Most Unix/Linux users, and – hopefully – all admins are familiar with the standard 9 bits of permissions typically supported on various *nix file systems:
Where “u”, “g”, and “o” indicate “user”, “group”, and “other” while “rwx” indicates whether the item can be read, written, or executed.
Also of note are file ownerships in the form of
So a file might be owned by
warren:warren with read/write privileges only for the owner:
That’s pretty handy.
How many of you know there are hidden permissions that do not show up in a normal use of
I didn’t until last week – and I’ve been using Linux for more than a decade 🙁
Turns out that – at least with ext2, etx3, and ext4 filesystems – there are a variety of other attributes that can be assigned to a file. One of them is the immutable flag*.
(Using a related command to
lsattr, a person can view the extended attribute flags of a file.)
In specific, the immutable flag disallows even the owner from deleting his/her own file! There was the source of a very ornery issue I ran into while doing an upgrade last week of a customer’s management environment. The upgrade installer ran into an issue wherein it interrupted its own process. But when it did, it left the filesystem in an inconsistent state – specifically with regards to an SSL certificate file and the machine identifier file (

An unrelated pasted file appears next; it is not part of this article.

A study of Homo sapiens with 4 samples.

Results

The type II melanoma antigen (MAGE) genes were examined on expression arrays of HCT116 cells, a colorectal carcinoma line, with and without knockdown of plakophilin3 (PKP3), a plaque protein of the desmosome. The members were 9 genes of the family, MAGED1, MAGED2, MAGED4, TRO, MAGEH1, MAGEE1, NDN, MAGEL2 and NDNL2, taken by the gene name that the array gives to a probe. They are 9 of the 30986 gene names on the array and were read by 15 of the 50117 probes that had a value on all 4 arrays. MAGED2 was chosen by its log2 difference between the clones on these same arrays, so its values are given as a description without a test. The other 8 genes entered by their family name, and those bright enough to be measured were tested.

mid, if you’re curious) having the immutable flag set. When attempting to pick back up with the upgrade, the installer failed more [apparently] asymptomatically (and esoterically) than I had ever seen before.
After several exchanges with senior product support, a working fix of running
chattr -i /path/to/file was provided. Neither myself, nor any of the senior admins at my customer had ever heard of
chattr. So off to the
man pages. Turns out that chattr is quite the command – but it’s not well publicized (at least, I don’t think it is).
If you run into a file you own, but cannot delete, be sure to inspect the extended attributes with
lsattr, and fix any mis-set flags with
*The entire list of alterable flags: “append only (a), compressed (c), no dump (d), extent format (e), immutable (i), data journalling (j), secure deletion (s), no tail-merging (t), undeletable (u), no atime updates (A), synchronous directory updates (D), synchronous updates (S), and top of directory hierarchy (T).” Non-modifiable, but visible with
lsattr, flags: “huge file (h), compression error (E), indexed directory (I), compression raw access (X), and compressed dirty file (Z)”.